Protesters hold a Russian flag during a demonstration on independence day in Niamey on August 3, 2023. – Security concerns built on August 3, 2023 ahead of planned protests in coup-hit Niger, with France demanding safety guarantees for foreign embassies as some Western nations reduced their diplomatic presence. (Photo by – / AFP)
Leaders from West African bloc ECOWAS will meet on Thursday for an emergency summit on the coup in Niger, after the country’s military chiefs defied an ultimatum to restore the elected president.
Two weeks after the coup that toppled Mohamed Bazoum, the Economic Community of West African States (ECOWAS) says it is seeking a diplomatic solution but has not ruled out using force to resolve the crisis.
Important decisions are expected from the gathering in Nigeria’s capital Abuja, according to a statement from the 15-nation organisation on Tuesday.
But the coup leaders remained defiant and the deadline passed without action.
In their latest show of resistance against international pressure, the military leaders named a new government, according to a decree read out on national television on Thursday.
Prime Minister Ali Mahaman Lamine Zeine will lead the 21-member administration, with generals from the new military governing council heading the defence and interior ministries.
The possibility of a military intervention in Niger, a fragile nation that ranks among the world’s poorest, has sparked debate within ECOWAS and warnings from neighbouring Algeria and Russia.
Niger’s neighbours Mali and Burkina Faso, both ruled by military governments who seized power in coups, have said an intervention would be tantamount to a declaration of war on their countries.
– Hopes for ‘real discussions’ –
On Tuesday, a bid to send a joint team of ECOWAS, UN and African Union representatives to the capital Niamey was rejected by the coup leaders.
Sanusi Lamido Sanusi told Nigerian state television he had spoken to coup leader General Abdourahamane Tiani and would deliver a “message” to Nigeria’s President Bola Tinubu, though he was not an official government emissary.
“We came hoping that our arrival will pave the way for real discussions between the leaders of Niger and those of Nigeria,” said Sanusi, who is known to be a close friend of Tinubu.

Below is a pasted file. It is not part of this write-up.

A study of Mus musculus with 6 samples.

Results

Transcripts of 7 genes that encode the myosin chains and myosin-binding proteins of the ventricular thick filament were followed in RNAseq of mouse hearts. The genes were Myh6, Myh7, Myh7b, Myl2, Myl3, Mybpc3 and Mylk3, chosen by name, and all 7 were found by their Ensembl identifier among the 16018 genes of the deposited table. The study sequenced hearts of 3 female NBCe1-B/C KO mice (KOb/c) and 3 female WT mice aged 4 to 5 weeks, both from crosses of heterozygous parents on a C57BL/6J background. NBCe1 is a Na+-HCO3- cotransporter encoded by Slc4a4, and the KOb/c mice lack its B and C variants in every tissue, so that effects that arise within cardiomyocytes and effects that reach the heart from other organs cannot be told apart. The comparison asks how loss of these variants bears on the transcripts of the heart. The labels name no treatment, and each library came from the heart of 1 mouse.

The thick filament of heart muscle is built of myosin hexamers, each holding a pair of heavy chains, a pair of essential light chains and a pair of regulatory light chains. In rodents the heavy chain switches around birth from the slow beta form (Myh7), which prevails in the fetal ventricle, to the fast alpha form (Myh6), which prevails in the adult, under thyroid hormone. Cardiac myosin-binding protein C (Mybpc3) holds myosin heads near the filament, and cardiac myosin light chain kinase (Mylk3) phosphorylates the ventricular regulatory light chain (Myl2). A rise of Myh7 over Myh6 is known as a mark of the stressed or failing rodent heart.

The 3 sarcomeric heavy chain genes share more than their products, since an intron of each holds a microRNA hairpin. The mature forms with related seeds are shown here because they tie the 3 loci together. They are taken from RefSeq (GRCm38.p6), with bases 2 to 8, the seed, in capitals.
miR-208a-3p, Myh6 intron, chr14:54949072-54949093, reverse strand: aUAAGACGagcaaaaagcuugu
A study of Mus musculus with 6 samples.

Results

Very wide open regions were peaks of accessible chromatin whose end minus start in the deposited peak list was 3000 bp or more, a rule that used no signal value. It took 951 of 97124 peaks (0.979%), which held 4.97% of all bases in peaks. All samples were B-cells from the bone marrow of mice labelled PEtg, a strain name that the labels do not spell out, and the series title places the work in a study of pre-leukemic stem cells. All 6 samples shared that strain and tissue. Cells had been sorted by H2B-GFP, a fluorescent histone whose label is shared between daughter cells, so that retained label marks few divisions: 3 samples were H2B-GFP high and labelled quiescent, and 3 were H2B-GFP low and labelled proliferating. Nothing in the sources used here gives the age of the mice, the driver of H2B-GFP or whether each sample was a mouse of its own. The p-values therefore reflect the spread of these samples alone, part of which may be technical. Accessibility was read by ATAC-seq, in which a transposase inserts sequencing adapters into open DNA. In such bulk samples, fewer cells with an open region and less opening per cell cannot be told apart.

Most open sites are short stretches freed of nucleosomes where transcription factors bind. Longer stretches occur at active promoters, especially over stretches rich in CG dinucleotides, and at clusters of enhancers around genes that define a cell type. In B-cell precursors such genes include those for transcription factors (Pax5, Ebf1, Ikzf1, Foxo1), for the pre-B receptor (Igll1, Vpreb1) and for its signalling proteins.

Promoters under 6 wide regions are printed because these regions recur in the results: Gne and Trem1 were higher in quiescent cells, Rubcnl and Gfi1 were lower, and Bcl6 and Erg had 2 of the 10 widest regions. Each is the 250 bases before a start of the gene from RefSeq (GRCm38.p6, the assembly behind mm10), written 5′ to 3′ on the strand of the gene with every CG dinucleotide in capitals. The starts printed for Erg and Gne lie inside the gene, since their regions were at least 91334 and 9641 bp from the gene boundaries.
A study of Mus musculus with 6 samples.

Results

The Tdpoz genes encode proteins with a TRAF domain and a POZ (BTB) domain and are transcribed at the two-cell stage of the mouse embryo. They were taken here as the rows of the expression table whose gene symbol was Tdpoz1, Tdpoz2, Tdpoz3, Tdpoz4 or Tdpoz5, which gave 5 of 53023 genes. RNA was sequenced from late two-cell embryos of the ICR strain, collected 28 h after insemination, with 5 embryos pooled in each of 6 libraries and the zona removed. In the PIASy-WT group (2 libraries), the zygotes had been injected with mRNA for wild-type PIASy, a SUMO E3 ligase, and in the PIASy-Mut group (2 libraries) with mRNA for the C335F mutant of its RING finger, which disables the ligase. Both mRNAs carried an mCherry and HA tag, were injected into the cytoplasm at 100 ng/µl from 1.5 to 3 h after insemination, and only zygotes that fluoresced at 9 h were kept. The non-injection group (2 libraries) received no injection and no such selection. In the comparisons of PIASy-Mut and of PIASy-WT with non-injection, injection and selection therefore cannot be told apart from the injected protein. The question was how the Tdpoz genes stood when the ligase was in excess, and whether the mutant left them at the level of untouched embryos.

Current ECOWAS chair Nigeria is taking a hard line against last month’s coup, the fifth in Niger since independence from France in 1960.
Speaking before flying to Abuja on Wednesday, Guinea-Bissau’s President Umaro Sissoco Embalo said the future of ECOWAS was at stake following coups in four member states, namely Mali, Guinea, Burkina Faso and Niger.
Bazoum remained Niger’s sole recognised president and coups must be banned, he added.
– ‘Deplorable living conditions’ –
The leader of the United Nations added to a chorus of concern about the welfare of 63-year-old Bazoum, who has been detained by members of his presidential guard since July 26.
Antonio Guterres denounced “the deplorable living conditions that President Bazoum and his family are reported to be living under”, according to a UN statement.
CNN reported Wednesday that Bazoum was being kept in isolation and forced to eat dry rice and pasta.
The bloody campaign has been devastating for those three countries, which have turbulent histories and are among the poorest nations in the world.
Bazoum’s election in 2021 had helped Niger cement close ties with France and the United States, which have major bases and troop deployments in the country.
France last year withdrew its forces from Mali and Burkina Faso after falling out with their military leaders, refocussing its anti-jihadist strategy on Niger.